Journalists under investigation for divulging judges’ rulings from foreign beaches

   

A recent report on holidays abroad taken by Kyiv judges and on rulings some of them appear to have ‘issued’ while far from Ukraine has provoked reaction from the Prosecutor General’s Office.  Not, however, the one you might expect with a criminal investigation launched over supposed “divulgence of information on special access”. 

Investigative journalist and presenter of the programme Dmytro Gnap reported on June 17 that he had been summoned for questioning “for the moment as a witness”. He writes on his Facebook page that the judges whose holidays were discussed in the programme “took offence at the report and lodged a complaint with the Prosecutor General’s Office”. 

There was undoubtedly a lot that the judges can’t have wanted revealed in the programme on Slidstvo.info [Investigation.info] entitled “Beach Control”.  Gnap begins by explaining that they have already looked into the “sumptuous lifestyle” of Ukrainian judges, which is quite out of the reach of most Ukrainians, and the judges’ numerous properties and bank accounts with millions.  They round off their investigation by looking at where the judges relax, with details about the considerable number of holidays abroad, including to beach resorts, that certain judges from the Kyiv District Administrative Court went on.  Pavlo Vovk, Head of the Court, was reported to have visited 18 countries in the past 4 years, some of them more than once. 

The journalists discovered that “some judges like warm sea so much that they manage to issue their rulings literally on the beach”,

Ruslan Arsyriy was alleged to have ‘passed’ several rulings while outside the country.  The programme explains how Arsyriy, together with judges Oleksiy Ohurtsov and Ihor Pohribnichenko, issued a ruling preventing the state from reclaiming 20 gas fields received by the firm Golden Derrik during the presidency of Viktor Yanukovych.  The report asserts that Golden Derrik is controlled by two people close to Yanukovych – former energy minister Edward Stavitsky and ex-minister of agriculture Mykhailo Prysyazhnyuk. 

Ohurtsov is the judge who back in 2012 issued a ruling which freed the firm linked with Mezhyhirya, Yanukovych’s scandalous residence, from paying two million UAH in tax.  He also appears to have issued a ruling while in Mauritius in March 2012.

Reaction to such revelations certainly seems warranted, only not this one.  According to Gnap, in response to a complaint from the judges, the Prosecutor General’s Office has launched a criminal investigation over “divulgence of information on special access. That is connected with the journal listing the trips by judges abroad. We received a copy of that journal since it turned out that during their trips the judges were issuing verdicts. And now, as old friends, seemingly, the PGO has launched an investigation for them so that we don’t poke our noses where we shouldn’t”.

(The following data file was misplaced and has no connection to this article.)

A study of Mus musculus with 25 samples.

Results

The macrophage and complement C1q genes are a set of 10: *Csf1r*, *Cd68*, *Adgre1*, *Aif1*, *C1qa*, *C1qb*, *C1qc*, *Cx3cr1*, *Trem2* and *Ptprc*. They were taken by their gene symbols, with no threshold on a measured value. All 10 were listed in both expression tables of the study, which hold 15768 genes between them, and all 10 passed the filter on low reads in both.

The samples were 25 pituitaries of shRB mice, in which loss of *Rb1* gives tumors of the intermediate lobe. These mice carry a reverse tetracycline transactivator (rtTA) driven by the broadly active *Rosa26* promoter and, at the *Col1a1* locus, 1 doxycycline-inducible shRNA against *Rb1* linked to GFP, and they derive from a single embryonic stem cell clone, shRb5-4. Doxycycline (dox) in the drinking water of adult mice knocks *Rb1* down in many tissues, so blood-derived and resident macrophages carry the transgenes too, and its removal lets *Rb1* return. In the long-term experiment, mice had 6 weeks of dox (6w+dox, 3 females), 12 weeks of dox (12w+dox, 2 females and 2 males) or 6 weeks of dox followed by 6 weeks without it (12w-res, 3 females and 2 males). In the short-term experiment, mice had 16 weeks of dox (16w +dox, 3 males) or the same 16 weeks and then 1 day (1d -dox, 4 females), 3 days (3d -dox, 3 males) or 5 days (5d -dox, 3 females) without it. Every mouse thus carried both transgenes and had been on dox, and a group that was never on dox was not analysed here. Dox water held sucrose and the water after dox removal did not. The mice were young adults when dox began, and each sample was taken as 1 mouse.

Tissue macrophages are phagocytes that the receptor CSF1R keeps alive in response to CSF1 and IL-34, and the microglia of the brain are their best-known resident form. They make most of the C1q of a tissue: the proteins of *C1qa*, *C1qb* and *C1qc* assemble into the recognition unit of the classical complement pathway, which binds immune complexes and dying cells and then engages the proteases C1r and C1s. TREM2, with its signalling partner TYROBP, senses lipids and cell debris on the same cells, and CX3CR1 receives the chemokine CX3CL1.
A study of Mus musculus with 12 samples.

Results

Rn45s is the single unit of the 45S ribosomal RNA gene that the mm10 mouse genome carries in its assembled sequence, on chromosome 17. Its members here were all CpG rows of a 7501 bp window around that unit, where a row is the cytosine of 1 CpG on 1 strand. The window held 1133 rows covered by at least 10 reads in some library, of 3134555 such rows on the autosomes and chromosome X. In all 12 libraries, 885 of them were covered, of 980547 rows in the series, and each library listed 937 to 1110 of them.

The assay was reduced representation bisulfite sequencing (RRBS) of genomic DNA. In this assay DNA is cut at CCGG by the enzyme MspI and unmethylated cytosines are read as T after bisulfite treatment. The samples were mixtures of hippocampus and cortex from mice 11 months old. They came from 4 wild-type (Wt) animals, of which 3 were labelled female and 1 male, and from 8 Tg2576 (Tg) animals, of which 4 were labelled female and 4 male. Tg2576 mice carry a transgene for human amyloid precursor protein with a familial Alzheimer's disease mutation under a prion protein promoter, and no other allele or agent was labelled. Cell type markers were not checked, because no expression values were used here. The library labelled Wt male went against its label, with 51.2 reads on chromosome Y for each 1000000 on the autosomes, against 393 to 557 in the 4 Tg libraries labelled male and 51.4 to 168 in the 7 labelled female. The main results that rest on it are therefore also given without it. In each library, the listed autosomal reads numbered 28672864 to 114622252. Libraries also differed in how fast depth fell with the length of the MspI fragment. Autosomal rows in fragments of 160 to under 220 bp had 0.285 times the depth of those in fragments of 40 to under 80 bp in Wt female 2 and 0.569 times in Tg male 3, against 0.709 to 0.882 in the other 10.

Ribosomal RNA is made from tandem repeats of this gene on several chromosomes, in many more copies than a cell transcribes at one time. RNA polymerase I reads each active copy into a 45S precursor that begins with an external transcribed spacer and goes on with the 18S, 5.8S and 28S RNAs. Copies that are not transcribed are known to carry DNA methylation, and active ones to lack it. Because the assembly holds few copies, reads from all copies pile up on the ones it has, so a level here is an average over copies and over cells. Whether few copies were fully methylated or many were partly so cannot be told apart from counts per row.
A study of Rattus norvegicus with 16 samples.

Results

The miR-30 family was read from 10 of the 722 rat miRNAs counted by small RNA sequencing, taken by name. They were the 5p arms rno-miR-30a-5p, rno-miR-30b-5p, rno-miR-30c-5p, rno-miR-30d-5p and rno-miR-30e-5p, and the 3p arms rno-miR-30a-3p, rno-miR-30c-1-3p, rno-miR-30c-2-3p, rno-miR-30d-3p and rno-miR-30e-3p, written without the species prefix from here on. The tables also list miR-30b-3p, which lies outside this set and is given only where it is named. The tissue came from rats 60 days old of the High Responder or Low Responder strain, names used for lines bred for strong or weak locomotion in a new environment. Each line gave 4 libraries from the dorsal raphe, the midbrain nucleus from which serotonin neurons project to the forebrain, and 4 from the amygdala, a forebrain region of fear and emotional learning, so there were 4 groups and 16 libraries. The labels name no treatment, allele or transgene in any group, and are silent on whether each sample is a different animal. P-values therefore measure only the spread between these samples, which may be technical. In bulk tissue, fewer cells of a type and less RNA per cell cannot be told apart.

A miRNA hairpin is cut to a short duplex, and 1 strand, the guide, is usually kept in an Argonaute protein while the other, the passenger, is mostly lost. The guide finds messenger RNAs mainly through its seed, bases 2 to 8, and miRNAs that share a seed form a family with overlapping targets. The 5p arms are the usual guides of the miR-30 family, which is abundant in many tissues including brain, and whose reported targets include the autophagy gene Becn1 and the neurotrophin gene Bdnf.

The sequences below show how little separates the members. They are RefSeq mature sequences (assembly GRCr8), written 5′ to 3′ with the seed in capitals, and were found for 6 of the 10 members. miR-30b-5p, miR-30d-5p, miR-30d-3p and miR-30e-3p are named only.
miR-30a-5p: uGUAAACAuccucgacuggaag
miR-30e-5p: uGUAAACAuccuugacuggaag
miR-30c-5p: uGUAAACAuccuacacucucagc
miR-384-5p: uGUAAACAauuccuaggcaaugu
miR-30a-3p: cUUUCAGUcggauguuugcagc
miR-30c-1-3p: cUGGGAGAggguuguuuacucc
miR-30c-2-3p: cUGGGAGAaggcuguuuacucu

Judges in Ukraine do not – officially – earn a lot, and a lifestyle involving frequent holidays in expensive resorts all over the world raises legitimate questions.  Such questions about any public officials, judges etc. were inevitably blocked by courts under Yanukovych, with information of clear public importance being deemed ‘confidential’ or ‘personal data’. 

RFEL journalist Katya Gorchinskaya recently scrutinized some of the District Administrative Court judges’ declarations and found that the judges’ families appeared to be swimming in ‘windfalls’.  The family of the head of the Court, Pavlo Vovk declared 400 thousand UAH in “gifts, prizes and winnings” in 2014, double Vovk’s annual salary.  Vovk told RFEL that information about his family’s income was “confidential” and that his family did not agree to release it. 

Stop there.  As Gorchinskaya points out, tax declarations of all public servants are public information. 

It has been jealously guarded and concealed information, and never really subjected to formal checks.  This is due to change with the formation and running of a National Anti-Corruption Agency.  That is the theory, at least, since there has already been scandal with anti-corruption watchdogs accusing the Prime Minister Arseny Yatsenyuk and certain members of the government of using dodgy methods to appoint their people to the selection commission responsible for staffing the agency. 

That may be one way of trying to temper the unpleasantness caused by the public wanting to know about glaring discrepancies between official earnings and actual income and jet-setter lifestyle.

Another, equally unacceptable, is initiating criminal investigations when journalists reveal what the public has every right to know.